This wasn’t just an offhand comment puffing up a building project. Churchill was making a real point about how the cramped space of the chamber contributed to the character of the legislative body, facilitating a “conversational style” and a “sense of crowd and urgency.” Depending on how it was rebuilt, Churchill believed, the space would have a real impact on the functioning and decision-making of the government going forward.
I always keep this quote in mind when working with school districts on modern learning environments that bring together devices, audiovisual tools and flexible furniture to foster collaboration and student-centered learning. Through our Blueprint to Design™ program, CDW helps schools with each step of a modern technology implementation, and I’m on many consultation calls with educators. They bring great passion and ideas to these conversations, but it occurred to me that the process would be even more effective if educators asked themselves a few key questions first.
1. What Will Teaching and Learning Look Like in the New Space?
This is the big one. Sometimes, teachers and administrators expect us to kick off the Blueprint to Design™ process by walking them through a catalog of flexible furniture options. But really, furniture is one of the last things we discuss.
First, we need to get an idea of how the space will be used. Are we talking about a STEM lab with extensive use of robotics? Or an English classroom where teachers will encourage collaborative work and extensive sharing? Or a media center where kids can come to work on special projects? Each of these spaces will require vastly different designs.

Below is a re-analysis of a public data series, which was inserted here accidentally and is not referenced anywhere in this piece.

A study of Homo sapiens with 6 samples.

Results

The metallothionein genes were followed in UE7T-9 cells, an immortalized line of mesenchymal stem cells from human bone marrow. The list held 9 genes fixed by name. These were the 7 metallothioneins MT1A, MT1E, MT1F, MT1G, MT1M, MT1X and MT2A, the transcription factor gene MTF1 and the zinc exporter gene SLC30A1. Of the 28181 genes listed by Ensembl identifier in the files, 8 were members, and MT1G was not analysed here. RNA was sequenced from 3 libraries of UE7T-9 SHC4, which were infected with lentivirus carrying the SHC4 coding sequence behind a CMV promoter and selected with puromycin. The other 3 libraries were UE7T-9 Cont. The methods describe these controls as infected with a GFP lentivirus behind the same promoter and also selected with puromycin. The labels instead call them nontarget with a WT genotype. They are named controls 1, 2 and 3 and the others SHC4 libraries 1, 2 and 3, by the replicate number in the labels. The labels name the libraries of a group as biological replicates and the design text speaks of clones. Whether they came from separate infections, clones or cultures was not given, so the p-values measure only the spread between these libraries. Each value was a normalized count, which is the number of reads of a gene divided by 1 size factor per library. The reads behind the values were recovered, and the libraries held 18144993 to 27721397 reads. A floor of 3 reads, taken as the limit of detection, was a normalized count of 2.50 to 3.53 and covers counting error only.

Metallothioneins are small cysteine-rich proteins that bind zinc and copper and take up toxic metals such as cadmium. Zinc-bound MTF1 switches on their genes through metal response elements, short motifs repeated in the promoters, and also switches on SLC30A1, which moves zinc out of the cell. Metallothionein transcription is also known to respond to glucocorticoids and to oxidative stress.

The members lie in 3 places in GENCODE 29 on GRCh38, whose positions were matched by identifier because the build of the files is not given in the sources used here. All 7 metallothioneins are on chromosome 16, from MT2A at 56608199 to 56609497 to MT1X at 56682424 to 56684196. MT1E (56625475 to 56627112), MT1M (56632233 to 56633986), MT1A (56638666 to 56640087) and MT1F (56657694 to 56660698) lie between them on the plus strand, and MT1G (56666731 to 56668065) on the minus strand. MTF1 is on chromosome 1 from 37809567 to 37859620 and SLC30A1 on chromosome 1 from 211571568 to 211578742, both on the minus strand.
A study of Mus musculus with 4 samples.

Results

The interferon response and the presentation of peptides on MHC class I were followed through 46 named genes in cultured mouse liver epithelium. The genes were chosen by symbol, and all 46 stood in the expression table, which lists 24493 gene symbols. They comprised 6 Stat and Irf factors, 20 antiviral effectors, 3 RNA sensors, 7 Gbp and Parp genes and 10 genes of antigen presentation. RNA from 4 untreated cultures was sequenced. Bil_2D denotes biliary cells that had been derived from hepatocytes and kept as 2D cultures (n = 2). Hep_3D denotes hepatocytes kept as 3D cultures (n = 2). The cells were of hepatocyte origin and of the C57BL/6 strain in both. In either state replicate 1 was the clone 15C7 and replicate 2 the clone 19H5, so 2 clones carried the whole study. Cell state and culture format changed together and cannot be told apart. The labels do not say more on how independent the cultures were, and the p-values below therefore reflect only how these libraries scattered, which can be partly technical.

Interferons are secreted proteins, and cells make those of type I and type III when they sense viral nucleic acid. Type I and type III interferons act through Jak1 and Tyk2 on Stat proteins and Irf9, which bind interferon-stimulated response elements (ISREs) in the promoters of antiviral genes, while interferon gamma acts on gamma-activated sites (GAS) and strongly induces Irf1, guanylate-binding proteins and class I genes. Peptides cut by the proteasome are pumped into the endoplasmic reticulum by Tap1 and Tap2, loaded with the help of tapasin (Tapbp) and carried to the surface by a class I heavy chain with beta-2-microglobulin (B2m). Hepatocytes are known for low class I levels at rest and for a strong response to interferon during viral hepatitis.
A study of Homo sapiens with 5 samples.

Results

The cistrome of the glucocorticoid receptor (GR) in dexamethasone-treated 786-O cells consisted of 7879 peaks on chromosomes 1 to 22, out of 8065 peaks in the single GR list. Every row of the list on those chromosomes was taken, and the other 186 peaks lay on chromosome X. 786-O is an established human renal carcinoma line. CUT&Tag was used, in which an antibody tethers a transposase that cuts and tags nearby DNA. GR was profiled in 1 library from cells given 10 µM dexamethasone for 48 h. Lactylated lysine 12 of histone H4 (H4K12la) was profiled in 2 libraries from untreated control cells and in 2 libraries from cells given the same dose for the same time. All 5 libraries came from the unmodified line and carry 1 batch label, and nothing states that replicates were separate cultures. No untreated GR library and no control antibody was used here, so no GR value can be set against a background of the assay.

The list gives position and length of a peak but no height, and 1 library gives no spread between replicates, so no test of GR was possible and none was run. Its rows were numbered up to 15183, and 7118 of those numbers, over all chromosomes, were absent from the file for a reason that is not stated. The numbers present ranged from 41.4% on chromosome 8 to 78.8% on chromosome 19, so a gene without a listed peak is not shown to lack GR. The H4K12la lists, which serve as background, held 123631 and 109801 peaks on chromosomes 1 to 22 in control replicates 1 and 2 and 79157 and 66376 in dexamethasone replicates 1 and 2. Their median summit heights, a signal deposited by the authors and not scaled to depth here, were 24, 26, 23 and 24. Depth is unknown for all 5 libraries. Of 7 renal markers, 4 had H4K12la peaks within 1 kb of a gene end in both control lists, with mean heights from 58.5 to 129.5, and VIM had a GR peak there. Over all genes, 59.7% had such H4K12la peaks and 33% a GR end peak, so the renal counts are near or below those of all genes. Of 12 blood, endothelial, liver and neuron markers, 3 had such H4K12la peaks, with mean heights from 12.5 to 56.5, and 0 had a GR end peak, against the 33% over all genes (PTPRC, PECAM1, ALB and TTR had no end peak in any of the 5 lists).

2. What Is the Team’s Vision for the Space?
We encourage school teams to include teachers, librarians, administrators and even students in the Blueprint to Design™ process. However, school schedules often allow for only one or two people to be on a consultation call. It’s important for teams to discuss their shared vision for the new classroom space or common area beforehand.
Part of this is related to the pedagogical concerns I already mentioned, but teams should also have conversations about how they want the space to feel. Should it be bright and cheery, for instance, or more neutral? This sort of input helps our designers to hit a team’s target.
3. How Are Students Currently Using Technology?
Many schools that come to us have already deployed one-to-one student devices. Technology — and, by extension, the furniture — should support the pedagogy. Wireless casting solutions untether a teacher and allow for more collaboration. By getting a sense of how devices are currently being used in a school, we can help educators design spaces that push teaching and learning forward.
4. What Is Our Budget?
Given an idea of what a school or district has to work with early on, our team can come up with creative plans to work within those financial constraints. For example, we might break up a project into multiple phases or provide leasing options. We might also create 3D renderings to help share a vision of a modern classroom with local school boards or voters, which allows them to see the value.
5. What Spaces in the School Aren’t Currently Being Used Effectively?
I worked with one school librarian who described her building’s media center as a “cemetery for old and dead technology.” This was where clunky overhead projectors and VCRs went to live out their remaining days, largely ignored by both students and teachers. Educators should ask themselves if there’s a similar space in their own schools — an aging classroom, an abandoned computer lab or an overlooked common area — that doesn’t feel as though it belongs in the 21st century. By identifying these underutilized spaces, educators can close in on opportunities for true transformation.